Despite announcing last month that the Scarabeo 9 oil rig now off Cuba "generally" meets acceptable safety standards, federal officials acknowledged this week that results of their inspection of the platform would have prohibited it from drilling in U.S. waters.
Testifying before a U.S. House panel at a hearing at a Sunny Isles Beach hotel Monday, Lars Herbst, Gulf of Mexico director of the Department of Interior's Bureau of Safety and Environmental Inspections, said under questioning that his agency's inspection was not as thorough as it would have been if the rig were under U.S. oversight.
Herbst told Republican members of the Committee on Transportation and Infrastructure that DOI found unsafe welding and incomplete wiring on safety systems that the United States government would demand be fixed before allowing the rig to operate in U.S.-controlled areas of the Florida Straits or the Gulf of Mexico.
The inspection was done off the coast of Trinidad and Tobago in early January at the invitation of Repsol, the Spanish company that is the first of several international energy companies to lease the Scarabeo 9 as it mines for oil on Cuba's side of the Florida Straits.
But since the rig is operating in Cuban waters by a foreign company, U.S. inspectors have no way to independently verify if Repsol fixed the problems found by DOI and the Coast Guard. The United States also has no authority to demand the repairs be made.
"We only have the word of Repsol because we would have no way of knowing ourselves. We would not allow it," Herbst told Rep. David Rivera (R-Miami).
"We have a major problem then," Rivera replied to Herbst.
The Coast Guard and DOI released a joint statement on their inspection in early January saying what many observers took to mean the Scarabeo 9 meets the types of safety standards to satisfy U.S. scrutiny.
"The review compared the vessel with applicable international safety and security standards as well as U.S. standards for drilling units operating in the U.S. Outer Continental Shelf. U.S. personnel found the vessel to generally comply with existing international and U.S. standards by which Repsol has pledged to abide," the statement read.
But Herbst now says U.S. inspectors would demand a "follow-up" before greenlighting the Scarabeo 9. "The level of review we did offshore [of Trinidad and Tobago] was not thorough enough for us to allow [the rig] to drill in the U.S.," Herbst said.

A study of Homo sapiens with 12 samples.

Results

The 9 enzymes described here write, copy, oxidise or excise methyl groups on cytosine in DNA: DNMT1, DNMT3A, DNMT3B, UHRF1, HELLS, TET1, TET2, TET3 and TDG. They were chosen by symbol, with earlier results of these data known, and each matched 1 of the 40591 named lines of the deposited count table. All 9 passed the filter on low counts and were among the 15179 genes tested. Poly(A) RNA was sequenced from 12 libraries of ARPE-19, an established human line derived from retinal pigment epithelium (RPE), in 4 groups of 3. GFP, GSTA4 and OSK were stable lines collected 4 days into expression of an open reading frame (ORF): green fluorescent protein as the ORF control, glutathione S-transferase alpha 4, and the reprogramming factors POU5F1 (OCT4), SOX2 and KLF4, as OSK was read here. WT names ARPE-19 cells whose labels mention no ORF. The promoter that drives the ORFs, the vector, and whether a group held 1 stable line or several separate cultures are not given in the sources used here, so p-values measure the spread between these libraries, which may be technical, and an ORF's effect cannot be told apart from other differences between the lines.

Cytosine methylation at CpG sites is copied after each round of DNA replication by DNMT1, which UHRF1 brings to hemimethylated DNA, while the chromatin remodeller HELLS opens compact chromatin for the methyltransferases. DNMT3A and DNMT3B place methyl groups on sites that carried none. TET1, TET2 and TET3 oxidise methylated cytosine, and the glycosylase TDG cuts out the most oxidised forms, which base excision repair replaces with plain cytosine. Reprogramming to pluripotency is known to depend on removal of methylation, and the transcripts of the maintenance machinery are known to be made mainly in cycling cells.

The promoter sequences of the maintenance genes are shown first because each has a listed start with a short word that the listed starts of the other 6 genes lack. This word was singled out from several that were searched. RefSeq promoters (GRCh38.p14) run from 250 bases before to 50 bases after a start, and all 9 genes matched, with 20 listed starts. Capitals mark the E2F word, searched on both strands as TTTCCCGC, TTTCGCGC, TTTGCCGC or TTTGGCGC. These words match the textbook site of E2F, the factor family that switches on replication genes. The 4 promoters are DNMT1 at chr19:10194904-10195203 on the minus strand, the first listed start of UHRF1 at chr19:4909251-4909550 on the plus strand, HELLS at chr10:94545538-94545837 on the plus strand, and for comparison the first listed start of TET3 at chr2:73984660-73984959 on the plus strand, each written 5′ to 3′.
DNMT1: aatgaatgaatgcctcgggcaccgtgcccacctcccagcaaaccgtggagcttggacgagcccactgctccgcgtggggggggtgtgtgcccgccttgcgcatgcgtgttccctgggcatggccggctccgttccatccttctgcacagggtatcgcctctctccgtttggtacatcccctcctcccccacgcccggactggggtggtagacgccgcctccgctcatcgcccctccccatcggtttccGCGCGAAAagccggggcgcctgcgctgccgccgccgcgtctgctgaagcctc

Rivera, whose district includes Homestead and Naples, has introduced a bill that would require foreign companies to pay to clean up spilled oil reaching the United States. The bill is now in the Transportation and Infrastructure committee. It is one of several pieces of legislation filed by both Democrat and Republican lawmakers the past two years in response to Cuba's offshore drilling plans.
The Scarabeo 9 arrived in the Straits between Havana and Key West on Jan. 19. Rear Adm. William Baumgartner, commander of the Coast Guard's Seventh District, told the panel that as of Monday, the rig was "not quite at the [drilling] location," which he said is 80 miles from Key West.
But drilling is expected to begin within days, Baumgartner said, since Repsol is paying Eni S.p.A, the Italian company that owns the Scarabeo 9, $511,000 a day to lease the rig.
Baumgartner said the Coast Guard has updated contingency plans it has in place to respond to an oil spill in a neighboring country's waters. He said Repsol has been cooperating with the Coast Guard since March 2011.
In written testimony Baumgartner said Repsol has allowed the Coast Guard to study the company's "response strategies, resources, and capabilities in order to protect U.S. interests in the event of an oil spill incident."
If a spill does happen at the Scarabeo 9 site, Debbie Payton, chief of the National Oceanic and Atmospheric Administration's emergency response division, said the Gulf Stream current would likely move the oil quickly toward the Florida coastline. The strong current "could potentially move spilled oil more than 70 nautical miles in 24 hours," Payton said.
But even though the Keys are the closest U.S. territory to the rig, they would most likely be spared from a spill in the Straits because the fast-moving current would probably shield the island chain as it moved the oil north, Payton said.
But Richard Dodge, dean of Nova Southeastern University's Oceanographic Center, said that no area along Florida's coast would be completely protected from a spill off Cuba. Even if the Keys went untouched by the original release, dispersants would probably be used to break up some of the oil, and dispersants "are especially bad for the coral reef."